Are those chars supported in a varchar? Or do I need a nvarchar for them?

(NOTE: I do NOT want a discussion on if I should use nvarchar or varchar.)


up vote 7 down vote accepted

What SQL Implementation(s) are you talking about?

I can speak about Microsoft Sql Server; other SQL implementations, not so much.

For Microsoft SQL Server, the default collation is SQL_Latin1_General_CP1_CI_AS (Latin 1 General, case-preserving, case-insensitive, accent-sensitive). It allows the round-trip representation of most western European languages in single-byte form (varchar) rather than double-byte form (nvarchar).

It's built on the "Windows 1252" code page. That code page is effectively ISO-8859-1 with the code point range 0x80–0x9F being represented by an alternate set of glyphs, including the Euro symbol at 0x80. ISO-8859-1 specifies that code point range as control characters, which have no graphical representation.

ISO-8859-1 consists of the first 256 characters of Unicodes Basic Multilinigual Plane, covering the entire domain of an 8-bit character (0x00–0xFF). For details and comparison see

Western European languages that will have a hard time with this collating sequence include (but aren't necessarily limited to) Latvian, Lithuanian, Polich, Czech and Slovak. If you need to support those, you'll either need to use a different collation (SQL Server offers a plethora of collations), or move to using nvarchar.

One should note that mixing collations within a database tends to cause problems. Deviating from the default collation should be done only when necessary and with an understanding of how you can shoot yourself in the foot with it.

I suspect Oracle and DB2 provide similar support. I don't know about MySQL or other implementations.

    
It’s also very evil to pretend that Latin1 means Windows-1252. It does not! Latin1 is an IANA-registered alias for ISO-8859-1, not for Windows-1252. This is just another foul example of Microsoft hoodwinking its users by corrupting established formal standards and calling things by misleadingly inappropriate — and incorrect — names. –  tchrist Aug 25 '11 at 17:35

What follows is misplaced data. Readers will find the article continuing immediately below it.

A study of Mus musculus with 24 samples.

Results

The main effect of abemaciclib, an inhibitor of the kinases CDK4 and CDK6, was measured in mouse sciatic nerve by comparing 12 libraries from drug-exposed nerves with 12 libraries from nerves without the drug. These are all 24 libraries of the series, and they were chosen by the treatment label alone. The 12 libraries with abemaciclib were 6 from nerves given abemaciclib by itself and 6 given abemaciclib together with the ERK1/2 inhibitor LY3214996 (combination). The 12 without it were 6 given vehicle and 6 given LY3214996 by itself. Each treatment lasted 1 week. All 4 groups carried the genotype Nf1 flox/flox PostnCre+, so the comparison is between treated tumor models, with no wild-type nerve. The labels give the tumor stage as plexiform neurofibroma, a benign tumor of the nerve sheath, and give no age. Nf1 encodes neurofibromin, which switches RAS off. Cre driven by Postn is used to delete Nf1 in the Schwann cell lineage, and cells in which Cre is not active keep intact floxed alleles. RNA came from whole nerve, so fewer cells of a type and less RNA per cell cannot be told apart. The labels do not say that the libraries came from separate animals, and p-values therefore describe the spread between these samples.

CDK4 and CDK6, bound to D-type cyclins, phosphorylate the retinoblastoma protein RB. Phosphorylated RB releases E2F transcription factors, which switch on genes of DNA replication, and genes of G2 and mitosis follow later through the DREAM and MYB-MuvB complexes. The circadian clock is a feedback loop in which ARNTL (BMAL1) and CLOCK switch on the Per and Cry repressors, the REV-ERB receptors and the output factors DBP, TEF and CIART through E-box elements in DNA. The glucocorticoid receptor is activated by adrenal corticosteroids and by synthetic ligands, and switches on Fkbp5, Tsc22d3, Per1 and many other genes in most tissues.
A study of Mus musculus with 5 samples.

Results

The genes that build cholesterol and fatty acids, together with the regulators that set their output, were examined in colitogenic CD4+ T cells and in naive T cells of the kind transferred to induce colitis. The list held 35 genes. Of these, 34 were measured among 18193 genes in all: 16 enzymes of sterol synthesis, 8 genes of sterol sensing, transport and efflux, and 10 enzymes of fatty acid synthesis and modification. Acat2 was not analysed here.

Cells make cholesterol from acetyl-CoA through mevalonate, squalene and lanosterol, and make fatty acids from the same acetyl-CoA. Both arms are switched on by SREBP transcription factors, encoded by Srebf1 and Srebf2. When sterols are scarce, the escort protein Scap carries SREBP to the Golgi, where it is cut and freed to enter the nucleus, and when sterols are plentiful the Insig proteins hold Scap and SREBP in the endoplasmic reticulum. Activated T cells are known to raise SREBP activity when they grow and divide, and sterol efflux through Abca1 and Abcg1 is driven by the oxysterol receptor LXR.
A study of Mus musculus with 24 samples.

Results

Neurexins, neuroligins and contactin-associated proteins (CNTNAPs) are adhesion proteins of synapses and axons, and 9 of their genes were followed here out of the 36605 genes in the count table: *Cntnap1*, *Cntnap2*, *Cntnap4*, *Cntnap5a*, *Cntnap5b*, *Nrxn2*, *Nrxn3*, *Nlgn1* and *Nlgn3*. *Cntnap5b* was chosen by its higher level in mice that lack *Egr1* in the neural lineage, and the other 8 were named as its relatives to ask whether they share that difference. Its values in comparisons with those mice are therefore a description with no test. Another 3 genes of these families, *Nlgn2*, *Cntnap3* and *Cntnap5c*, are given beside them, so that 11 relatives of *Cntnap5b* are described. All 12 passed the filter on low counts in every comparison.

You have to use nvarchar.

http://theniceweb.com/archives/156

Most of the characters will fit in varchar but some won't, why take the risk.

Related Question

When must we use NVARCHAR/NCHAR instead of VARCHAR/CHAR in SQL Server?


My advice is to always use nvarchar to store strings in a SQL database. In fact, I would consider non-Unicode character encodings to be a bug, whether it is in a database or anywhere else.

Your operating system uses Unicode internally (whether Windows, Mac, Linux, or whatever). The JVM and the .NET Framework use Unicode internally. There is simply no point to doing code page conversions every time you query a database. There is no point to doing code page conversions every time you write to a database. Just use an nvarchar column, and your strings will go straight from your application to the database untouched—no character conversion lookups, no fallback encoding error handlers, no wierd characters or unexpected question marks.

By using nvarchar for all of your string data in your databases—and Unicode in general everywhere—you can stop concerning yourself with encodings and focus on the core functionality of your application, now and forever.

Today is the day to abandon legacy character encodings.

Do it for the maintainers who are coming after you. Do it for your children. Do it for yourself.

    
Oh, and another very important point! varchar columns can be set to a variety of code pages. If you decide to stick with varchar against my advice, then make sure the code page you choose matches whatever code page is being used by the other system that you are communicating with. Then at least the errors will be consistent, and you won't be creating any additional errors. If you take my advice and go full-on Unicode everywhere, then at the points of communication with the other system you will have to do an encoding conversion, and it is likewise vital that code page matches the other system. –  Jeffrey L Whitledge Aug 26 '11 at 4:52

I'm not sure but one of these collations may fit both Spanish and French, this would have to be researched though.

http://dev.mysql.com/doc/refman/5.5/en/charset-charsets.html


Yes, you can use varchar to handle a mix of French and Spanish, providing your character set is Windows-1252 (or a similar modern superset of ISO-8859-1 with a few extra characters like the Euro symbol). In SQL Server, the character set is chosen by setting the collation (server-wide, per database or per column): Windows-1252 is used by the *Latin1* collations. In MySQL, Windows-1252 is called Latin1.

Note that if you try to store a character outside the repertoire of the chosen character set, the system may throw an error, or silently munge the character into a similar one from its repertoire. E.g. SQL Server will munge a Polish Ł to a simple L, but throw an error for a Japanese character.